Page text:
To know where you are going, it helps to know where you have been. In Steve Clarke’s Scotland squad, there was both a nod to the future, and recognition of a player who has excelled for his country in the past.

Two wingers from different ends of the career spectrum were named in Clarke’s provisional 28-man squad for the European Championships, a somewhat surprising quirk in itself, given the Scotland manager’s preference for relying on his full backs to provide the width for his team. Both, in their own ways, were exciting additions.

On the one hand, there is the return of the old campaigner, with Clarke hoping that James Forrest can emulate his blistering comeback for Celtic in a Scotland jersey. On the other, is young Liverpool wonderkid Ben Doak, called up to the senior squad for the very first time.


It suggests that Clarke recognises the need for some tactical flexibility if Scotland are to go deep in the tournament, and with Doak and Forrest among his options, it should also keep the opposition coaches guessing at least a little.

It also suggests that in the presence of Doak, Clarke recognises the need for his Scotland team to evolve. He referenced this fact at Hampden earlier today, as he acknowledged that some of the time-served warriors he has relied upon to drag the national team up from the doldrums are starting to knock on just a little bit.

It is a huge shame he is without some of those who may make up the backbone of the Scotland team in the coming years, such as Aaron Hickey, Nathan Patterson and Lewis Ferguson. But in Doak, he can show the Tartan Army a glimpse of the future, and what a tantalising one it may be.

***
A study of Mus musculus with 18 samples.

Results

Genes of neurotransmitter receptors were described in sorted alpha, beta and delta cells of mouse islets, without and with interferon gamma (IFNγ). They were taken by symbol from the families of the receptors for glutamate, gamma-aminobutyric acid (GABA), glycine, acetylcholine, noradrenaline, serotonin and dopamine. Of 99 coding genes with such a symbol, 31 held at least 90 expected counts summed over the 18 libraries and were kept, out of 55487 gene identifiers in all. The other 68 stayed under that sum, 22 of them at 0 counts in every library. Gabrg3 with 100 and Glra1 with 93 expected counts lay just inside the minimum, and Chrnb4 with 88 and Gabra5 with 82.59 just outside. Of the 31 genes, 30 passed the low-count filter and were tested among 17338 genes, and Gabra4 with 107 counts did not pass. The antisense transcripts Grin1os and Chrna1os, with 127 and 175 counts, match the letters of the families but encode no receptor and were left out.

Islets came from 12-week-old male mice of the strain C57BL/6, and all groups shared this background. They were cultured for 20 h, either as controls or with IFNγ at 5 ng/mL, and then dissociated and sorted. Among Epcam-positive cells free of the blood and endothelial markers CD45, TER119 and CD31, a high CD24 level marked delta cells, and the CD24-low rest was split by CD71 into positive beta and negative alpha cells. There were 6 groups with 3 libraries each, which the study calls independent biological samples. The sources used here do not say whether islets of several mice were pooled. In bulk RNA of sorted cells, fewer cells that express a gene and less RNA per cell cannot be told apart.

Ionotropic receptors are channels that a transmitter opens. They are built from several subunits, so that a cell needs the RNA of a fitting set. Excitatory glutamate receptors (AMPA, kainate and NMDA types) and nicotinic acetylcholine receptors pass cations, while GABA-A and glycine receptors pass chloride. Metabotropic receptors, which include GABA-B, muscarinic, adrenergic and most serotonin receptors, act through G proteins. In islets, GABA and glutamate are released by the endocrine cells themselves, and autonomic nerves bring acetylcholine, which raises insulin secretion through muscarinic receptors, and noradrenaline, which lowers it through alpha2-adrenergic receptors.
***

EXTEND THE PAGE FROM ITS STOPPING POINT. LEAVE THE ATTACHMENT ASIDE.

As has seemed to be the ongoing fly in the ointment affecting Scotland’s preparations for this tournament, Doak has had his injury problems this season, only recently returning to full training with Liverpool after picking up a knee issue back in December. So, how fit he is, time will tell.

But Clarke’s warm words about the 18-year-old this afternoon, outlining his hopes that Doak could ‘make a contribution’ in Germany suggest that while he is undoubtedly being taken at least partly to familiarise himself with the experience, he isn’t just going along to lug the hampers.

Clarke, typically, was also trying to keep a lid on expectations around Doak and what he can do in the short term for this Scotland side. But his inclusion is a nod to the very real notion that he could be building his team around the former Celtic youngster in the years to come.

As for Forrest, well, Clarke could hardly leave him out, could he? The 32-year-old has been in sensational form since bursting back into the Celtic side from his own personal Siberia, and the impact he has been able to have is testament to his professionalism as much as his undoubted ability.

There is even a theory that Forrest may well have been included as a potential solution to Scotland’s right wing-back problem, though Clarke gave a decidedly lukewarm response to the suggestion at Hampden.


This system, after all, was built to accommodate both Tierney and Andy Robertson, and as we saw at the last Euros, without Tierney’s presence it all rather falls apart. Not to mention the fact that it would blunt the attacking threat of Forrest, his own main strength.

In Doak and Forrest, though, there is the embodiment of the alchemy Clarke has tried to achieve with this squad, with hugely experienced and reliable players complemented by a sprinkling of exciting young talent. Which would have had an even greater presence but for those unfortunate injuries to Hickey et al.

What it also showed is that even after five years as Scotland manager, and with his reputation for sticking by the tried and tested, Clarke is still capable of springing the odd surprise.

And in Doak and Forrest, he may well have produced a couple of aces from up his sleeve.